COX'S BAZAR, BANGLADESH (REUTERS) - Rohingya refugees in Bangladesh could die due to a lack of food, shelter and water available for the huge numbers of them fleeing violence in Myanmar, an aid agency warned on Sunday (Sept 17).
Nearly 410,000 members of the Rohingya Muslim minority fled from western Rakhine state to Bangladesh to escape a military offensive that the United Nations has branded a "textbook example of ethnic cleansing".
"Many people are arriving hungry, exhausted and with no food or water," Mark Pierce, Bangladesh country director for the Save the Children aid agency said in a statement.
"I'm particularly worried that the demand for food, shelter, water and basic hygiene support is not being met due to the sheer number of people in need. If families can't meet their basic needs, the suffering will get even worse and lives could be lost."
Bangladesh has for decades faced influxes of Rohingya fleeing persecution in Buddhist-majority Myanmar, where the Rohingya are regarded as illegal migrants.
Bangladesh was already home to 400,000 Rohingya before the latest crisis erupted on Aug 25, when Rohingya insurgents attacked police posts and an army camp, killing a dozen people.
Pierce said the humanitarian response needed to be rapidly scaled up. "That can only be done if the international community steps up funding," he said.
Rights monitors and fleeing Rohingya say the Myanmar security forces and Rakhine Buddhist vigilantes responded to the Aug 25 insurgent attacks with what they say is a campaign of violence and arson aimed at driving out the Muslim population.
Myanmar rejects those accusations, saying its security forces are carrying out clearance operations to defend against the insurgents of the Arakan Rohingya Salvation Army, which claimed responsibility for the August attacks and similar, smaller, raids in October.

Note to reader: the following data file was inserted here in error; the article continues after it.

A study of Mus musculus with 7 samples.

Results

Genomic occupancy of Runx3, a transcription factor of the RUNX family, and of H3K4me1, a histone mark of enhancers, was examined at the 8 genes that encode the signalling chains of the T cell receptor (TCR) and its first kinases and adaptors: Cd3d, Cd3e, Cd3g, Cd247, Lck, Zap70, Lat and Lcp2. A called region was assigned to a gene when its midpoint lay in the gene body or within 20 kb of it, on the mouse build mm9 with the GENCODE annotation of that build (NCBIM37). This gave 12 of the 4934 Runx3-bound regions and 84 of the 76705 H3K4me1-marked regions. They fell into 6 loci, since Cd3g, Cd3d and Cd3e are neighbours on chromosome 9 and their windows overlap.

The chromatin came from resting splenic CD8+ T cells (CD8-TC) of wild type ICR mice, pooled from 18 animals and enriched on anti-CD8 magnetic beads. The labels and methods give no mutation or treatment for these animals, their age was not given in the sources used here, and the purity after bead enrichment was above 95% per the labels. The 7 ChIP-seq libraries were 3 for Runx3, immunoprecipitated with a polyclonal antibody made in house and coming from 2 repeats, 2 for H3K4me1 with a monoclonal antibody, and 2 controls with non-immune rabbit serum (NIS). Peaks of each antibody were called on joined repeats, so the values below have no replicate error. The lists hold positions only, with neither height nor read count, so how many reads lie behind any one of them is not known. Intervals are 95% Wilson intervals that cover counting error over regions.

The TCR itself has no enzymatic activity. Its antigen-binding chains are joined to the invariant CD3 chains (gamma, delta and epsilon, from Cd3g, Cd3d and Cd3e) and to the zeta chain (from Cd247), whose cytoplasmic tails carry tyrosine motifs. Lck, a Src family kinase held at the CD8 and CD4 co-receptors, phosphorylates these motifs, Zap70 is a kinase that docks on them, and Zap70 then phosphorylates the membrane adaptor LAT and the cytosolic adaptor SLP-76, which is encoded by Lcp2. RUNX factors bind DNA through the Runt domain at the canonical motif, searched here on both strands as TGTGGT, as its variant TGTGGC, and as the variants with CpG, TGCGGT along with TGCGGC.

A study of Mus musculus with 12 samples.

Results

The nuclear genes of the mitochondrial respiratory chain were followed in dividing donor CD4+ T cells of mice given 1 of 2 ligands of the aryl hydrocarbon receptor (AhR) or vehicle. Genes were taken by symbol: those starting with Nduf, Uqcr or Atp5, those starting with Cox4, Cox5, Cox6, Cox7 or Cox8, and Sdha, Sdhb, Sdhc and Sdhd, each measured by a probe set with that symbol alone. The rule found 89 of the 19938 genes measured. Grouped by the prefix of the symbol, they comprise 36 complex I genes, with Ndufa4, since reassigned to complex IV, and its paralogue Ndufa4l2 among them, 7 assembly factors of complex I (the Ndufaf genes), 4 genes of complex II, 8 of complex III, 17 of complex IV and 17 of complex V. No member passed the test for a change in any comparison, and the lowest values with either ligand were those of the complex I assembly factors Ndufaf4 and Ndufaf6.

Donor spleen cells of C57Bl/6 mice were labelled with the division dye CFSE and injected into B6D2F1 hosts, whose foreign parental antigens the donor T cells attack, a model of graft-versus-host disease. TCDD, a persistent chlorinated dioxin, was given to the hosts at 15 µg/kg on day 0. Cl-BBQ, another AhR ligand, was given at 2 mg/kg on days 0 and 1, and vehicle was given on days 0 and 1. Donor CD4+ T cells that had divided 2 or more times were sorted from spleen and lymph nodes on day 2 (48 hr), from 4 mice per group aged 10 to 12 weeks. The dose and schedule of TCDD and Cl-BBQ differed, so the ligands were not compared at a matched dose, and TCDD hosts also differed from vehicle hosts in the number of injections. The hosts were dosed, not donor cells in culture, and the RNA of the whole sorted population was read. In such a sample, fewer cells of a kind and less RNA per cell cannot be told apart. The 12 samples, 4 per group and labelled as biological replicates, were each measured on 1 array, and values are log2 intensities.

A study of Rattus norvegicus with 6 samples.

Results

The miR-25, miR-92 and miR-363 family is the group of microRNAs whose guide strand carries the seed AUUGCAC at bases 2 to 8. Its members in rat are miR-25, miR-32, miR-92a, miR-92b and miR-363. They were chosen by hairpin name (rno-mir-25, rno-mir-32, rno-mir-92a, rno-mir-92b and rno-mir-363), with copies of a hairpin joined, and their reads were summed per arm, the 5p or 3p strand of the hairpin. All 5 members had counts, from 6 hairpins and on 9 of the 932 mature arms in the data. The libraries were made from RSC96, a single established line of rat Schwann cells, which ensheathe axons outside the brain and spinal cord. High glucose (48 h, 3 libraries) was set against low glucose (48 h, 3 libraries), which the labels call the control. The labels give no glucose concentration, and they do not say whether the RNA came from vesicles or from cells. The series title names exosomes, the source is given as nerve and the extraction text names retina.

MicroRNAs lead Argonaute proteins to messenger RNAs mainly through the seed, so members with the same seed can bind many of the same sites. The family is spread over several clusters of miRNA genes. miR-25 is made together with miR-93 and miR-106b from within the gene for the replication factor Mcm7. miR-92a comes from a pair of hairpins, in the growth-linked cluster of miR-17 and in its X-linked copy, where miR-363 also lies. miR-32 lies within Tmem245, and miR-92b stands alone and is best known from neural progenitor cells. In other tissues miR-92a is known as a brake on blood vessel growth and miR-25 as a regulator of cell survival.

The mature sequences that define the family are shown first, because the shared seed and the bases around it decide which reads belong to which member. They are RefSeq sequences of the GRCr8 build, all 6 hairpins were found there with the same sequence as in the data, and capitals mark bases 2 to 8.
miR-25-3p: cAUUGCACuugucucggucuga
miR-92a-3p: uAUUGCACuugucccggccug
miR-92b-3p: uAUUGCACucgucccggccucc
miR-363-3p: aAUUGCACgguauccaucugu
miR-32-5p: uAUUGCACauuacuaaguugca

The Myanmar government has declared the group a terrorist organisation and accused it of setting the fires and attacking civilians.
More than 430 people have been killed, most of them insurgents, and about 30,000 non-Muslim villagers have been displaced, Myanmar has said. Human Rights Watch said satellite imagery showed 62 Rohingya villages had been torched.
Myanmar government leader and Nobel laureate Aung San Suu Kyi has faced a barrage of criticism from abroad for not stopping the violence or condemning it more forcefully.
The military remains in full control of security policy and there is little sympathy for the Rohingya in a country where the end of military rule has unleashed old animosities and the military campaign in Rakhine State is widely supported.
Suu Kyi is due to make her first address to the nation on the crisis on Tuesday.
Her foreign supporters and Western governments that backed her campaign against military rule, and see her as the best hope for Myanmar's future, will be hoping to see her make a new commitment to protect the rights of the Muslim minority.
At home, her supporters could be disappointed if she is perceived to be caving in to foreign pressure and taking the side of a Muslim minority blamed for initiating the violence with the attacks on the security forces.
The political party founded by retired officers and trounced by Suu Kyi's party in the 2015 election, could be expected to take heart to see her support eroded by the crisis.